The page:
47 Helpful / 3 Not
Pros: One of the most exclusive courses in the world, due to its remoteness. Played by less than 15 people a year, probably. This can also make it tough to find your way around without someone who knows the course(there are no signs of any nature).
Devil's 9 plays through the thick rebounding growth spruce forest and devil's club, serene and beautiful. Ferns, mushrooms, all sorts of rainforest flora and fauna. It can be a bit damp and swampy in there, so wear your extra-tuffs. A few ace runs await, as well as one monster of a tough dogleg left.
Nootka 9 plays through the strawberry/nootka rose fields with jaw dropping views of the upper Lynn Canal and Davidson Glacier in the background. This nine is definitely more open and prone to less mosquitos. However, thorns from the rose bushes make some heavy duty pants a must. Holes one and two begin in the woods and provide the best ace opportunity as they are sheltered from the wind. Once out of the woods you can stretch out your arm, but errant shots can be tough to find in the roses, which grow to six feet plus in the peak of summer. The local glacier guides who live here do minimal cutting, as preserving the natural state of Glacier Point is important to them. Hole 6, "Riscos de los muertas" the Cliffs of Death plays out over the tide zone. Tides fluctuate by as much as 25 ft. here in six hours, so you could be playing over a large beach (60-100 ft. wide) or the ocean. I don't know how many other tidally affected holes there are out there, but I'd be curious.
Good arm, good control, good wind game all a must.
Cons: Tough to access if you don't live on Glacier Point. (Kayak out from Haines on a nice day)
Bears on the course may be awesome, but also present a bit of a hazard. Many rounds on the Nootka nine have been cut short by strawberries distracting from the game. Humpback whales sited in the fjord can be a bit distracting as well.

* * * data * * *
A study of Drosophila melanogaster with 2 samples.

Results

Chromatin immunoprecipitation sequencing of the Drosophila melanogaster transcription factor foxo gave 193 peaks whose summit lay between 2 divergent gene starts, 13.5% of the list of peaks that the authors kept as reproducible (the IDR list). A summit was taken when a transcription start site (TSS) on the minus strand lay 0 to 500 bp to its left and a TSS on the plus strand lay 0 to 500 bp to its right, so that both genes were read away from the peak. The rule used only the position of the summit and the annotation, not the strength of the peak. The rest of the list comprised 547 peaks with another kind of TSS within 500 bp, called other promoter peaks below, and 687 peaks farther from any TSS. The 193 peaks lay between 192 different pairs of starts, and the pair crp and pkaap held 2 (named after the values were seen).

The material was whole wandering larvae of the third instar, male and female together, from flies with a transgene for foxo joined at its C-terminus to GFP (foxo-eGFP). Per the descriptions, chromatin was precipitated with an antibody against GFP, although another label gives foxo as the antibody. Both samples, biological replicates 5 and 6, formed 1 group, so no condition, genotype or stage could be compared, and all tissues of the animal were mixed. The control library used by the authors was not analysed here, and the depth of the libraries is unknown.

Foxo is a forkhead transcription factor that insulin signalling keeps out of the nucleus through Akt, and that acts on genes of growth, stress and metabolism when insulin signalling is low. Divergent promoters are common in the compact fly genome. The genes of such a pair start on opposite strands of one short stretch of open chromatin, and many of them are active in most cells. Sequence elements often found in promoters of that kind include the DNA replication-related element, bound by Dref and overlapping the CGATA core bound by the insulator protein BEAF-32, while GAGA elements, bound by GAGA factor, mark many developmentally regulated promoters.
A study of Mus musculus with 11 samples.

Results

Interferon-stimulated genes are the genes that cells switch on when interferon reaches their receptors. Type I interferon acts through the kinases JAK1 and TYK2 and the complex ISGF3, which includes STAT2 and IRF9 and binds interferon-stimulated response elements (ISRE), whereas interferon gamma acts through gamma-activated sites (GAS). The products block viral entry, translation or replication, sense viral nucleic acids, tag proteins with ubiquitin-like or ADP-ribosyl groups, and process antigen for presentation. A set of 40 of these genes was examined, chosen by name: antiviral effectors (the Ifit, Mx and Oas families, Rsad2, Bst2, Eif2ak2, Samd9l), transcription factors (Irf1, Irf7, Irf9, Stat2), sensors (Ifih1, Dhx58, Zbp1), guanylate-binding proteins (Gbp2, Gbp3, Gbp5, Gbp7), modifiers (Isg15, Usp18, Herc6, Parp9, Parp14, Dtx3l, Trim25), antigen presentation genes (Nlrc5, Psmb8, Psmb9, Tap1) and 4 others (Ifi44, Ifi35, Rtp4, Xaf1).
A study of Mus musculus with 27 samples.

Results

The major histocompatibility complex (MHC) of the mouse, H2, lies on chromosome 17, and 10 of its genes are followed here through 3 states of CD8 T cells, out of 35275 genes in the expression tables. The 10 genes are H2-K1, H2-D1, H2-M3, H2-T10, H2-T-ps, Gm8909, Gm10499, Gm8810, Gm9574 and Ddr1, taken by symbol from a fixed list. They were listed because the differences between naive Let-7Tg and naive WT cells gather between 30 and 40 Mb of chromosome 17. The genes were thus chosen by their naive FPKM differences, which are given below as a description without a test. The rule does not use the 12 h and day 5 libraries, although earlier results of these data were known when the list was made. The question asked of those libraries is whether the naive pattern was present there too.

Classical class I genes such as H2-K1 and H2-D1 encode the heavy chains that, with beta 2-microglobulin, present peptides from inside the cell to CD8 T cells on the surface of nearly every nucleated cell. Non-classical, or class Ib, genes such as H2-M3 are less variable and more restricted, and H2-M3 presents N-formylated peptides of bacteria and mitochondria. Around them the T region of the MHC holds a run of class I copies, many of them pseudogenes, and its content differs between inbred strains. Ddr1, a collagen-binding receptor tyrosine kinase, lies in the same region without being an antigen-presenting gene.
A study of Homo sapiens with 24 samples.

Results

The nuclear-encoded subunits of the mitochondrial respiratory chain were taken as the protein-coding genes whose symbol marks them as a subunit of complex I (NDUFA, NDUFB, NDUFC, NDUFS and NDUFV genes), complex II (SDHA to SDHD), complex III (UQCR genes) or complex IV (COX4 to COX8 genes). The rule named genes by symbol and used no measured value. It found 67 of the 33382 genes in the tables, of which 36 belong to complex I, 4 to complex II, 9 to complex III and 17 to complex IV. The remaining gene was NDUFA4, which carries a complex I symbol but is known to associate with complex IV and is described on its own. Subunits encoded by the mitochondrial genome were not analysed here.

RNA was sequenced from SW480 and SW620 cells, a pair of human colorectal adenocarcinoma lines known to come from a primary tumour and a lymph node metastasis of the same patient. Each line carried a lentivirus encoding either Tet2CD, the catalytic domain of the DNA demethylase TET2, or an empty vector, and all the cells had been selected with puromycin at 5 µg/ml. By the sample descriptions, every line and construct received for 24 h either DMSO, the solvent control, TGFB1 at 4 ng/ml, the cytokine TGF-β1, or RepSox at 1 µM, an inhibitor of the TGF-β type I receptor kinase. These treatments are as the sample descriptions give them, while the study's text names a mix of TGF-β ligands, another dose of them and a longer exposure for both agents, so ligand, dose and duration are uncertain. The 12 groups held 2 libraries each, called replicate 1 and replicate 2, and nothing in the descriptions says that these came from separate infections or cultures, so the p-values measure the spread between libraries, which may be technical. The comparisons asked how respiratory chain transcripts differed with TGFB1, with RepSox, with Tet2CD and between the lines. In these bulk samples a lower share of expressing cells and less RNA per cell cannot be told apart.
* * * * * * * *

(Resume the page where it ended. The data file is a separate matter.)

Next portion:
It can be tough to find many things out here, if you aren't hooked into the local scene. For example: 1) a ride out to Glacier Point; 2) the layout of the course, no map, no signs; 3) your disc in the thick roses and other flowers; 4) your will to leave this majestic place and go anywhere else.
We did find all discs lost this year, and a few lost the previous year.
Other Thoughts: I am definitely partial to this course, as it is out at my "summer home" while I work as a guide at the Davidson Glacier. When you have no roads or neighbors hardly, but you have 18 holes in a beautiful setting, it is hard not to play favorites.
Still it you are truly dedicated to playing this course, here are my top tips.
1)Bring your tide book to know when to play the "cliffs of death" hole out over the tide line. 2)Also wear thick sturdy clothes preferably with a hood to protect against mosquitos and thorns(devil's club and rose).
3)Waterproof footwear(extra tuffs)...remember this is the northern extent of the temperate rain forest.
4)A bottle of whiskey(to encourage your guides and show them some love from the outside).
Definitely worth playing if you can get a ride out and a guide to show you around. I may be available to help this summer (2009).
47 of 50 people found this review helpful.